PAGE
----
A recent NSW Court of Appeal decision brings new meaning to the term ‘buyer beware’ and is a warning to carefully monitor statements that a target makes to its employees during a merger.

Following a claim by two employees, the Royal Bank of Scotland (RBS) was required to make good on a guarantee by ABN AMRO Holdings Australia Ltd (AAAH) to its employees that all existing redundancy plans would extend for a period of 2 years after RBS acquired AAAH.

In making this guarantee AAAH was seen as acting merely as a conduit for RBS and was not making any representation on its own behalf.

To leave or not to leave – AAAH Redundancy Policy

McKeith and James were two senior employees of AAAH. AAAH was part of a banking group that was the subject of various competing takeover bids. Ultimately RBS was successful in acquiring a majority of the capital of AAAH.

AAAH had a redundancy policy that provided, among other benefits, a severance payment based on the number of years of service of the employee. During the bidding process, AAAH publicly stated on numerous occasions that RBS would continue the redundancy policy for at least two years after the merger. These representations were made by AAAH in communication packs to staff, publications to employees, press releases, and in a presentation at a general meeting.

The merger between AAAH and RBS was completed in October 2007. In late 2008 both McKeith and James were made redundant. No payments under the redundancy policy were made to either of them. They brought an action against both RBS and AAAH for unpaid benefits under the redundancy policy. They argued that even though AAAH made the representations about the continuation of the redundancy policy, it did so as a conduit of RBS and accordingly RBS should honour the redundancy policy.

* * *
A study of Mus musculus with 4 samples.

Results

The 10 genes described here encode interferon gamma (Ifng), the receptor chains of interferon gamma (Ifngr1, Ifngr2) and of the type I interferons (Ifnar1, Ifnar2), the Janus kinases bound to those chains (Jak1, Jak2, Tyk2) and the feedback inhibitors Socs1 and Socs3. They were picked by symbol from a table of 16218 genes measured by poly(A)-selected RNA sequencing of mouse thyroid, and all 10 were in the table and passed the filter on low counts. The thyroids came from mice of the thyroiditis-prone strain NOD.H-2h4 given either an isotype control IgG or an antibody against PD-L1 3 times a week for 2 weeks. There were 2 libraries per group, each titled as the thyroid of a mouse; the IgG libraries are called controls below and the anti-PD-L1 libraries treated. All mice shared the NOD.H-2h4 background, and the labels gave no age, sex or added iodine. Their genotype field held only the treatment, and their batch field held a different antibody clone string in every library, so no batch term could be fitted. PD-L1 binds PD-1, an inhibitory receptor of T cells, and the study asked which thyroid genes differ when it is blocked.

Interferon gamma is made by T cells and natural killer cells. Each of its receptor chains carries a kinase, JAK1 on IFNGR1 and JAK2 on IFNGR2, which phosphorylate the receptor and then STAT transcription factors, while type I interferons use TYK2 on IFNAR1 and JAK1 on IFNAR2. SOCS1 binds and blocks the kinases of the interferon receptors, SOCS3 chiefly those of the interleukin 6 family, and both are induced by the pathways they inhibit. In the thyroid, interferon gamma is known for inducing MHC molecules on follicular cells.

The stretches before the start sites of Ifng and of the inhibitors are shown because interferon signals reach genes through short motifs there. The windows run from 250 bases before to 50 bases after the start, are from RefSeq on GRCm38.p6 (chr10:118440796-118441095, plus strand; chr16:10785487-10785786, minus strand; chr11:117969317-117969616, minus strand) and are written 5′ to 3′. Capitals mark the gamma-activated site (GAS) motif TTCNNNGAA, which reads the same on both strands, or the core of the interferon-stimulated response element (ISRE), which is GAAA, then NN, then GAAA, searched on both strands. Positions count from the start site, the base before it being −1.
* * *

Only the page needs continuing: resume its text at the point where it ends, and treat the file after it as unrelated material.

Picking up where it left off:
Binding or mere statement of intention?

At first instance the employees’ claim was rejected. Justice McDougall concluded that the representations made by AAAH were nothing more than a statement of intention. He considered that a contract directly between RBS and AAAH employees would be a unilateral contract, with RBS offering to apply the policy to every employee who accepted by providing consideration in the form of continuing their employment. Justice McDougall thought it was ‘inherently implausible’ that each employee would be entering into an individual contract with RBS if they chose to continue to work for AAAH. He also considered it relevant that the representations were not made by RBS and it would be unusual for a contractual offer not to come from the offeror.

The Court of Appeal unanimously allowed the appeal and reversed Justice McDougall’s decision on this point.

The Court found that:

  • RBS was aware of the representations made about the redundancy policy and did nothing to withdraw them;
  • in making representations about the redundancy policy AAAH acted merely as a conduit for RBS;
  • the language used in the representations (‘commitment’ and ‘guarantee’) showed that RBS intended to be bound;
  • by remaining in employment with AAAH the employees were providing consideration for the promise that RBS would apply the redundancy policy; and
  • there was nothing ‘inherently implausible’ about an individual contract being formed with each employee, as the policy would only apply to the employees to be made redundant.


So, as a buyer you should think carefully about what you want to say to employees and how you intend to be bound after the merger completes. Are you comfortable with the target communicating ongoing policies on your behalf? Don’t assume that the promises made by the target will bind the target only – you may have to foot the bill if an employee makes a claim (as RBS had to do in this case). You should take steps to correct any communication by the target that doesn’t reflect your intentions post-merger. Take an active role in communicating with the employees, and avoid the risk of the target putting words into your mouth.